Boredom is one of the biggest challenges in practicing Yin Yoga. Staying still for three to five minutes in one pose, even if it is a comfortable one, is boring. And when it’s not comfortable, your body is screaming at you to MOVE!
As Bernie Clark writes in YinSights, “We ask ourselves to remain still, but we can’t. We fidget, we feel an itch, and immediately react and scratch it. We just can’t settle down and be still. Usually when the body is moving, it is a sign that the mind is moving. And when the mind is moving, usually the breath is also fractured. Smoothing the breath, and watching it calm and slow is one excellent way to calm the mind. Once the mind is calmer, the body will move less. Once the body is quiet there will be less need to breathe fast, and the cycle will positively reinforce itself.”
In the words of Larry Rosenberg, “it is the mind that just sits.” (Breath by Breath)
Yin Yoga is referred to as a discipline of yielding, not acting. But sometimes yielding is a tough act! One of its lessons is to teach us to “not struggle” and allow things to unfold. But sometimes the yielding is not fun.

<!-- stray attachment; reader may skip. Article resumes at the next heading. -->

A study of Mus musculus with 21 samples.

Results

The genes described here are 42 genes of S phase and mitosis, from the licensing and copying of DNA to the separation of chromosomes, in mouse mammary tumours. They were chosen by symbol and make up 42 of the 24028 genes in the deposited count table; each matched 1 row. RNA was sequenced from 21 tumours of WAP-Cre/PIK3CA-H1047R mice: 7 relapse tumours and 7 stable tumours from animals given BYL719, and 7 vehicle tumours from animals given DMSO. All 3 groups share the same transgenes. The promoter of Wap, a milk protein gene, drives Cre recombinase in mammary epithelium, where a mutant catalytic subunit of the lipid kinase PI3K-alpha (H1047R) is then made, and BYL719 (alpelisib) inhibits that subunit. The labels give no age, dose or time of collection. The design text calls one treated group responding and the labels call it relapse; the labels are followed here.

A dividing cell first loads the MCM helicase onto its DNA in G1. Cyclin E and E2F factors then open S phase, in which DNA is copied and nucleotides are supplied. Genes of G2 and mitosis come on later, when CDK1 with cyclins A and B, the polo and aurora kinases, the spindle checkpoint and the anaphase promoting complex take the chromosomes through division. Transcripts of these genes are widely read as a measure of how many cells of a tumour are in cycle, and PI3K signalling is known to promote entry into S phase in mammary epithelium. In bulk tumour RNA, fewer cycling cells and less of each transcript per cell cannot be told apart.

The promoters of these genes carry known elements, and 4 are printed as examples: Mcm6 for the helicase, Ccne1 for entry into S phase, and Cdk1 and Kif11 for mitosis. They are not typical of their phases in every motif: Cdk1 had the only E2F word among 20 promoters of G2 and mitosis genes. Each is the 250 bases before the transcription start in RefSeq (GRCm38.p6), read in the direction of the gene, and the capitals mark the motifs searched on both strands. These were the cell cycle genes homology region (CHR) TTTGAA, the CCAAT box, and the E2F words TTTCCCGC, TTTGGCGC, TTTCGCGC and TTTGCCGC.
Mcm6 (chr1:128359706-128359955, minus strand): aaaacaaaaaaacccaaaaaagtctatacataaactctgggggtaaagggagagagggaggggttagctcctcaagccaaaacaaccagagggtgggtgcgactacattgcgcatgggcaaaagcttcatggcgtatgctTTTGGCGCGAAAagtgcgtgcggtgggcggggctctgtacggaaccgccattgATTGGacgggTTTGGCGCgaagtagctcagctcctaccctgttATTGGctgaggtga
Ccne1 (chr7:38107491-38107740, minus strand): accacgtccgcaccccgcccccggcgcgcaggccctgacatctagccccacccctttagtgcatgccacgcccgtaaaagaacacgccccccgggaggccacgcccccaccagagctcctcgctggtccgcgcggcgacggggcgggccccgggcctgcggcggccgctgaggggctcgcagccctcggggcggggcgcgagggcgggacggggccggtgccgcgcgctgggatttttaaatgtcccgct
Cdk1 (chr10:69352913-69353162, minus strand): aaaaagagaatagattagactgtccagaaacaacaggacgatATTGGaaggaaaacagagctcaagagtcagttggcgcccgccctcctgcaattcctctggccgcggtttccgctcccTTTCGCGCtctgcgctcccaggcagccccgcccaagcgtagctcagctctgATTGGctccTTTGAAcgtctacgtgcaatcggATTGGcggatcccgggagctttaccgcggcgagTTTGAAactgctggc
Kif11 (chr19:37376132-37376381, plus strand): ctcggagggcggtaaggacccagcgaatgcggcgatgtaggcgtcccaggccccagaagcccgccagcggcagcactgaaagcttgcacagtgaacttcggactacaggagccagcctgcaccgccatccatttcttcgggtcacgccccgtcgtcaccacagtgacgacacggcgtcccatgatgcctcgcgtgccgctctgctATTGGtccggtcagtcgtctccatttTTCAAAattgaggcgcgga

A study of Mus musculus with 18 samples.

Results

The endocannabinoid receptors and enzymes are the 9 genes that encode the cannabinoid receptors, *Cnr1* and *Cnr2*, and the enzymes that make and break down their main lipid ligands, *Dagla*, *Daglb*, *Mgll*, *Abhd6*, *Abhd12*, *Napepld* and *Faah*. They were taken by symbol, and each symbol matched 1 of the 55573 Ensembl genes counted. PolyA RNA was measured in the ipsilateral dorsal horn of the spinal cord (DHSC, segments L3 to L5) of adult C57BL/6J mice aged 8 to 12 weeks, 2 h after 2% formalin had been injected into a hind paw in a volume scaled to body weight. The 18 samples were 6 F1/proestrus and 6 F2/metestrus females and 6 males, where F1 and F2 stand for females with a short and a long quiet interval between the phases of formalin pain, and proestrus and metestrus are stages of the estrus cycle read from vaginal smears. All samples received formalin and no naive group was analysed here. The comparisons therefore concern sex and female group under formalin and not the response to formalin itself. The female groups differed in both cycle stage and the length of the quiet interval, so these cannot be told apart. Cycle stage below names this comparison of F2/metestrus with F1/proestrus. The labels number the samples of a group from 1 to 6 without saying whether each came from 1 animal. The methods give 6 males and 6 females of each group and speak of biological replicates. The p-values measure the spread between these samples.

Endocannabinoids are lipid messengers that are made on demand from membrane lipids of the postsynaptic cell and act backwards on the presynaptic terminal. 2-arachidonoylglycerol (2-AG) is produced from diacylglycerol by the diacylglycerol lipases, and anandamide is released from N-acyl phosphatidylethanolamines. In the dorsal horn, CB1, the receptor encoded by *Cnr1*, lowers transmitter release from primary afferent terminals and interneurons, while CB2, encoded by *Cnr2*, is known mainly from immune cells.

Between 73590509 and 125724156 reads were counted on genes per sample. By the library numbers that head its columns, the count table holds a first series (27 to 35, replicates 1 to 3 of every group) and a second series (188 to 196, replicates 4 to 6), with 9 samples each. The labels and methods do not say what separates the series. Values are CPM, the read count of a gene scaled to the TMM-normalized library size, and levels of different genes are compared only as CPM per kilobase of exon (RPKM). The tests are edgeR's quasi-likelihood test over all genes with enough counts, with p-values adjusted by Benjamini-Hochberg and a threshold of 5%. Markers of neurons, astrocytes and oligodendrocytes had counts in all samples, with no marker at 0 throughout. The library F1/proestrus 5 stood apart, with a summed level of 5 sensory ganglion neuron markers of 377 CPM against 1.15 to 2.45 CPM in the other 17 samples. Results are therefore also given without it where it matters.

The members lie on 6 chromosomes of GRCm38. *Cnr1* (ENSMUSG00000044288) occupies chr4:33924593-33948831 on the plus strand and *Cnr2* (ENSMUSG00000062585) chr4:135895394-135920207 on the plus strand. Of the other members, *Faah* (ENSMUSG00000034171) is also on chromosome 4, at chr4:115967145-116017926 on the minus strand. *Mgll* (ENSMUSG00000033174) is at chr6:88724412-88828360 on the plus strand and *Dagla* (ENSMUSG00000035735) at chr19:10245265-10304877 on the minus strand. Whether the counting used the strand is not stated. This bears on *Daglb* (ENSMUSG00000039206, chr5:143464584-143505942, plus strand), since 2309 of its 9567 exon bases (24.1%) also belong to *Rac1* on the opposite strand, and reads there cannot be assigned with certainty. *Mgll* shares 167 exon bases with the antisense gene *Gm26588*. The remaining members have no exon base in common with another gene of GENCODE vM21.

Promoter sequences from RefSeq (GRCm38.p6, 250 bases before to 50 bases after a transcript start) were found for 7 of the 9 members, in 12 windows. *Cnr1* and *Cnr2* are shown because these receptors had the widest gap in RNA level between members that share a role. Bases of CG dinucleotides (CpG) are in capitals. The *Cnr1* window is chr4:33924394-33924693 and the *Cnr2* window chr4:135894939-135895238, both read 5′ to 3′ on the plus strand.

Here’s a secret: Yin Yoga is NOT supposed to be comfortable. If you want comfort—do a Restorative Class. Ah, what’s the difference you ask? Maybe 1/2 an inch. Yup, you push yourself just to your edge in Yin.
Yin takes you slightly outside your comfort zone. Much of the benefit of the practice will come from staying in discomfort, despite the mind’s urgent pleas to leave, to move, to do anything but just lie there. This too is part of the discipline.
There are two times when you move in Yin: when you are in pain, move out of the posture, when the body opens up and it is inviting us to go deeper in a pose.
To quote Jane Fredric’s, “This is not the time to check out your pedicure, check the time, or check out what other people are wearing. This is the time for stillness.”